Disclaimer: Don't read if you are offended by abbreviations of papal names.
Yesterday was my day off, and a day off is a glorious thing. One of the many things I did was visit our local Catholic bookshop, Agnus Dei - which aside from containing a wide assortment of religious literature and vestments also is a good reminder of amazing conversations I'd previously forgotten.
Last time I was in San Luis Obispo I said my farewells to a lovely town, filled with friends; however, I also talked a good deal about the abolishment of Limbo. For those of you who don't keep up on the news of the Catholic church, on April 27, 2007, Pope Benedict XVI reversed the churches' stance on Limbo - namely he abolished it. What does this mean? Namely, all infants and Jewish Patriarchs were sent directly to heaven. Now, this doesn't mean a change in doctrine, for Limbo was never officially recognized by the church as a theological certainty.
"Eric," you interject, "I'm certain this is all very interesting, but perhaps this would better fit your silly little experiment in Sencha Steeping. Why bore us here too?"
Well my saucy, dear reader, I give this to you here because of a conversation I had with Brian and Ben whilst in San Luis about how good Catholics throw around the term JP II. For those who aren't up on the hip-Catholic slang, that is how the cool kids talk about John Paul II, the pontiff prior to Benedict.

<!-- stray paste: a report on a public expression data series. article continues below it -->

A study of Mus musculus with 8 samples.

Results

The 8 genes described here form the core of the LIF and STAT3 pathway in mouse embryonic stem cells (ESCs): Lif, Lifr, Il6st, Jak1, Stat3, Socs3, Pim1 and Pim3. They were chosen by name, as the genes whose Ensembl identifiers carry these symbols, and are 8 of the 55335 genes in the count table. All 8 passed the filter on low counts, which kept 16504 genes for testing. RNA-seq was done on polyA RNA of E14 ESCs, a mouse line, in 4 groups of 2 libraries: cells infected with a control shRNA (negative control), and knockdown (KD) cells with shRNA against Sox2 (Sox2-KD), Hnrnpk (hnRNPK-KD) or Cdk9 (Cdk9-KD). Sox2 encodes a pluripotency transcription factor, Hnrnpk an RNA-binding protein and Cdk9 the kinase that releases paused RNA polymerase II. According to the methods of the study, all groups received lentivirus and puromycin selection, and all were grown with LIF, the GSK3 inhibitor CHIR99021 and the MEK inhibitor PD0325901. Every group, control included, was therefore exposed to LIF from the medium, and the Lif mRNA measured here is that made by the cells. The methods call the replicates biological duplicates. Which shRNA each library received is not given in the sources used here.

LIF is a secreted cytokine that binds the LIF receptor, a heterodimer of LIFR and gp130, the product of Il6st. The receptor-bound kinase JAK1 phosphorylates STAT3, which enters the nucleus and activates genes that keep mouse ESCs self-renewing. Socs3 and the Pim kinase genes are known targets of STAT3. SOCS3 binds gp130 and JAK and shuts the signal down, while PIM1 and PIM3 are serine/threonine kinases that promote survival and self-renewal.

Now, I thought that maybe I should be offended by this, but as earlier noted, I have heard my devout Catholic friends liberally toss around this term. So, following in their ways, B, B and I decided that we should give our current Pope a nice little pet name as well. B-16 it is!
Really, the only reason this is remotely funny to me (in the most horrible way possible) is that B-16 bombed the hell out of Limbo.
I wonder if Dante's Purgatorio will now be relegated to being as apochraphal as Milton?
Well, B-16, wherever you are, keep flying high and flying free - soar them babies straight to heaven.
Disclaimer: that wasn't so bad, was it?